The British Academy’s next president must find ways to protect it from a hostile government

First the good news: Nicholas Stern will be the second economist in 50 years to hold the post of British Academy president—and possibly the first with a maths degree. Now the bad news: as a former Labour-government adviser and advocate of strong climate-change mitigation policies, his traction with a Conservative-led government could be quite limited.

Stern’s appointment would appear to continue a journey that the academy has been taking under its chief executive Robin Jackson, who joined from the Higher Education Funding Council for England in 2006.

With Jackson at the helm, the national academy for the humanities and social sciences has been gradually adding more weight to the social science and policy part of its remit. Alongside its staple of humanities research, conferences, monographs and lectures, the academy now regularly produces publications aimed at policymakers on the economic and public value of humanities research. It is also quick to issue public comment on policy developments likely to affect researchers. At the same time, the academy sees itself as a voice in more national public policy debates. In recent weeks it has contributed to issues ranging from House of Lords reform to the use of ‘nudge’ methods in government.

Jackson and Cambridge-trained Stern are likely to employ a more modern and empirical approach to engaging with senior policymakers than the informal methods employed by previous British Academy presidents, many of whom have been historians, philosophers and classicists.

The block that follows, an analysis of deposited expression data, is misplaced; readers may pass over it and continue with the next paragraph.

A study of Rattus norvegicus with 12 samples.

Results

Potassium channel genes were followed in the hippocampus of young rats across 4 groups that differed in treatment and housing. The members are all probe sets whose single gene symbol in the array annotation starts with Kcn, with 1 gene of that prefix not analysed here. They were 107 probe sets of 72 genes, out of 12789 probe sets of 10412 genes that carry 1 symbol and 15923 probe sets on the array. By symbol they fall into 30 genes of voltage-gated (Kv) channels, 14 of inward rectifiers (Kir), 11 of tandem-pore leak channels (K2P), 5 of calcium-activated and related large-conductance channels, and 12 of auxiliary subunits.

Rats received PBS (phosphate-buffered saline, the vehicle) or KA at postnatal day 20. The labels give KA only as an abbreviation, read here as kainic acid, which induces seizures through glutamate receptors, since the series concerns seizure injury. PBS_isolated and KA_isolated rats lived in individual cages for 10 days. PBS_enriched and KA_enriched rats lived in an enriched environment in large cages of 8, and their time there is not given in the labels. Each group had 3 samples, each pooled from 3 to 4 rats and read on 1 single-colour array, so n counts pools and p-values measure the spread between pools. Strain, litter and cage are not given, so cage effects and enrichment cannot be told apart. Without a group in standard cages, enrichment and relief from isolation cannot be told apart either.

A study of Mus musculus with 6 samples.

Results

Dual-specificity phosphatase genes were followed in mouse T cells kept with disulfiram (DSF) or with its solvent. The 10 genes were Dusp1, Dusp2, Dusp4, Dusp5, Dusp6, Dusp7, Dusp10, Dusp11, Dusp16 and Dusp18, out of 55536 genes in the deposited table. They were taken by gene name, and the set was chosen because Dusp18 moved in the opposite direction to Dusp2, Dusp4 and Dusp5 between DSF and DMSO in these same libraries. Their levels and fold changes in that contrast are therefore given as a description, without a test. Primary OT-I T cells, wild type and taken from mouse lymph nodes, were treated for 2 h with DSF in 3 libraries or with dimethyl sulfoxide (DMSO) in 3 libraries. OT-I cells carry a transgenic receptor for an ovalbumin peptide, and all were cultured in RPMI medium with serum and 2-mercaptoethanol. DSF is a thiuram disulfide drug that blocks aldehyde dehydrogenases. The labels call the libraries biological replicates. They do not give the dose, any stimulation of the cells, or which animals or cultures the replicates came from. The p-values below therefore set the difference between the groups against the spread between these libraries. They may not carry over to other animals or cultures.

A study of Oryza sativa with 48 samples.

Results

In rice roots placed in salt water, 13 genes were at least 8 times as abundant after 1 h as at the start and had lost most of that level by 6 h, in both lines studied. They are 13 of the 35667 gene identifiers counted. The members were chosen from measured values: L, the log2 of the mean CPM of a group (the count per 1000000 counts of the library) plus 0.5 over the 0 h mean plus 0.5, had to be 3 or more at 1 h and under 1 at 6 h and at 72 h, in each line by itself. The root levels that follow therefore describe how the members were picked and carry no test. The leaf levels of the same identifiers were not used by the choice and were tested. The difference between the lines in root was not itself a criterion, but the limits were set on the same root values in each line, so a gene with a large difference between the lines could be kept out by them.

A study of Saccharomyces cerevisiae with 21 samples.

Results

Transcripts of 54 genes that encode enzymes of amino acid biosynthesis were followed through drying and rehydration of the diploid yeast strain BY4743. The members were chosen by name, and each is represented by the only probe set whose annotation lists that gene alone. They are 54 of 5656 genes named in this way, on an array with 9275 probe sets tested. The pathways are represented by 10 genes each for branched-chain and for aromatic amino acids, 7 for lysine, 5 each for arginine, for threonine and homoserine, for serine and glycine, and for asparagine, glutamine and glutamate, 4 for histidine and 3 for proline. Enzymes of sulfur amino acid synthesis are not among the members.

British Academy presidents from the humanities have nonetheless been able to influence senior ministers and civil servants, often by being members of government foreign and defence-policy advisory committees, as well as alumni networks from private schools, Oxford and Cambridge. Any serving civil servant or minister with a degree in history from Oxford, for example, was quite likely to have been taught by (or come into contact with) Stern’s predecessor, Adam Roberts.

Stern has made notable contributions to many international policy issues. Between 2003 and 2007, under the last Labour government, he was one of Tony Blair’s troubleshooters: first as an adviser on how to create economic growth in Africa, and later as an adviser on the economics of climate change, a subject on which he is as passionate as he is knowledgeable.

So now there may be a danger that, as academy president, he becomes a target for prominent enemies he has made on the right. On the issue of climate change, he has clashed publicly and repeatedly with former Conservative chancellor Nigel Lawson, who is close to the current chancellor George Osborne and, according to the Liberal Democrats, conspiring with the chancellor to derail the government’s green agenda.

Much of the British Academy’s annual budget arrives as a block grant from the Department for Business, Innovation and Skills. Having a heavy-hitter such as Stern, with intimate knowledge of Treasury processes, will prove valuable in the academy’s preparations for the next spending review, possibly due at the end of next year. He must ensure that his economic activism doesn’t detract from the Academy’s case.